Keith Olbermann says he's very, very sorry – but not to MSNBC.
The host of MSNBC's "Countdown" said Monday in an open letter to viewers, first reported by The New York Times, that they were responsible for his scheduled return to the network Tuesday. He also apologized "to you viewers for having precipitated such anxiety and unnecessary drama."
Olbermann, whose show is MSNBC's most watched, was suspended for two episodes after revelations that he had contributed to three Democratic candidates in last week's elections.
He said the network had created an “inconsistently applied” policy on political contributions and that he had not known of the rule's existence. He also said viewers' support after his suspension “should remind us of the power of individuals spontaneously acting together to correct injustices great or small.”
"You should also know that I did not attempt to keep any of these political contributions secret; I knew they would be known to you and the rest of the public," Olbermann wrote. "I did not make them through a relative, friend, corporation, PAC, or any other intermediary, and I did not blame them on some kind of convenient ‘mistake’ by their recipients. When a website contacted NBC about one of the donations, I immediately volunteered that there were in fact three of them; and contrary to much of the subsequent reporting, I immediately volunteered to explain all this, on-air and off, in the fashion MSNBC desired."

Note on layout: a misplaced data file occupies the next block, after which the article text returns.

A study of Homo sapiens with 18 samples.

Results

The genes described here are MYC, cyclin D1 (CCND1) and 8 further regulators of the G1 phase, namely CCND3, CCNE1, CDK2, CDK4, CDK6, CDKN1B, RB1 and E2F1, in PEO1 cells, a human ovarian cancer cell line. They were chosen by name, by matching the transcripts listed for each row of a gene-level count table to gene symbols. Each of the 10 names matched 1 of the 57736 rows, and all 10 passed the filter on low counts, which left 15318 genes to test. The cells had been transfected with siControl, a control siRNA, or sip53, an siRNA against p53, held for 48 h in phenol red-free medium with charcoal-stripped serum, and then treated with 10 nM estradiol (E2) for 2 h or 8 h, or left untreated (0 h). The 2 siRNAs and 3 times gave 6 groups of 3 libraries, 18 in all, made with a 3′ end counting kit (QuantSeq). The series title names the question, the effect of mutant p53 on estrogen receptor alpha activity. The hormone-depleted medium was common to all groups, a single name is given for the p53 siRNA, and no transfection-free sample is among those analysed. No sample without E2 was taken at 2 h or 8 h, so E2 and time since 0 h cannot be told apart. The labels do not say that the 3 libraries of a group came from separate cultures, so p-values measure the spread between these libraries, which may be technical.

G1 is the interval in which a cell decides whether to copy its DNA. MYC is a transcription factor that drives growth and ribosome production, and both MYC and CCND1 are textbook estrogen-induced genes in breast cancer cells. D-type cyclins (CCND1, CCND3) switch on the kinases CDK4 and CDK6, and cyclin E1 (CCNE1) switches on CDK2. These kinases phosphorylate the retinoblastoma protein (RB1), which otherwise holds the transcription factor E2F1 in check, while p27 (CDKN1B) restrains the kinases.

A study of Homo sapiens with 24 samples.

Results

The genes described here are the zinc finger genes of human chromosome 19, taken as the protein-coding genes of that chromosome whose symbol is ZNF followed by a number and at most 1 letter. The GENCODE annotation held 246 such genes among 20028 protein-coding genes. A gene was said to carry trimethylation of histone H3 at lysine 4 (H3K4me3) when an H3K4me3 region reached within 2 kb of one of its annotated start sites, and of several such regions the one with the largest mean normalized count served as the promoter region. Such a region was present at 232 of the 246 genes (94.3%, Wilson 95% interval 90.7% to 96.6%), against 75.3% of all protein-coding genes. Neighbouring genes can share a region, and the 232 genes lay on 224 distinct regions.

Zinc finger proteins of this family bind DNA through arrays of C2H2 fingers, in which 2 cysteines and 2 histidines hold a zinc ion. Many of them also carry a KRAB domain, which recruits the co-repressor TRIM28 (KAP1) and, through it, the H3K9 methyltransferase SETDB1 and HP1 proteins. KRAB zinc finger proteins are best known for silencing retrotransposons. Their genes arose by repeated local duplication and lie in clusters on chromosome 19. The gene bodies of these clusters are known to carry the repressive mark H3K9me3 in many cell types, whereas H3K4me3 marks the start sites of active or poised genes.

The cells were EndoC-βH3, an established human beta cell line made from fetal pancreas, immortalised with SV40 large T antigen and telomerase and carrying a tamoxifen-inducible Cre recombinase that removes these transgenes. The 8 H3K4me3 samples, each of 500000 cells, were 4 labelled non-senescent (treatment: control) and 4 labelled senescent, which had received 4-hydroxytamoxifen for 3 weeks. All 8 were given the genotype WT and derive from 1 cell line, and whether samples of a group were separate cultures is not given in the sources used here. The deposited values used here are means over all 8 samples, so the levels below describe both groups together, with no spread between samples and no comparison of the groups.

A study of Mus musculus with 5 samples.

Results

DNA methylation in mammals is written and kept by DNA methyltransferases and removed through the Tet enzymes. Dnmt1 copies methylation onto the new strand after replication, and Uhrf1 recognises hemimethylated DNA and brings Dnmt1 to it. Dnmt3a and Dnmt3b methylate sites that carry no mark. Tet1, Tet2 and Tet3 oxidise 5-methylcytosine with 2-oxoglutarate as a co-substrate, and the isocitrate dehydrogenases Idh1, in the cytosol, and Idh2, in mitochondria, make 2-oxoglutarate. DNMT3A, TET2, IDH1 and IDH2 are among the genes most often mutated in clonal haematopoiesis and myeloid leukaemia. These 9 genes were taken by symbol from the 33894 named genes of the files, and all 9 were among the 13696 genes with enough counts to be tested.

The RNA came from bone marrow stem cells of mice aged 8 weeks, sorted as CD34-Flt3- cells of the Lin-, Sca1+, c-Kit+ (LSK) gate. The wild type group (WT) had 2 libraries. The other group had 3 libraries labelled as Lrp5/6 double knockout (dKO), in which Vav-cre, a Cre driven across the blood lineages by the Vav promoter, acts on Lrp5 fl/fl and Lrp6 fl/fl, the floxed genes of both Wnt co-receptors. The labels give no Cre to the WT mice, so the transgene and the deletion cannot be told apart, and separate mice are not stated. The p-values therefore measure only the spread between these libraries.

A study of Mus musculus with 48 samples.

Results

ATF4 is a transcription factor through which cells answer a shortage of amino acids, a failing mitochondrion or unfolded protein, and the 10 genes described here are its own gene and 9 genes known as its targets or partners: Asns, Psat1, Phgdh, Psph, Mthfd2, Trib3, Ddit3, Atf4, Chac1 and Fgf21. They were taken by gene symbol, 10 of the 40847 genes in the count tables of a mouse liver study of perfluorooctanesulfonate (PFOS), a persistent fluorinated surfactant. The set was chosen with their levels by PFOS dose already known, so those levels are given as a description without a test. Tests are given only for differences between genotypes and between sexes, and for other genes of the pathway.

Olbermann's suspension created an odd conflict-of-interest case: Reporters aren't supposed to give money to campaigns they cover, but Olbermann isn't a normal reporter. MSNBC repeatedly goes to the popular personality to fill the traditional role of the non-partisan anchor.
But the one thing no one has ever accused Olbermann of being is secretly partisan.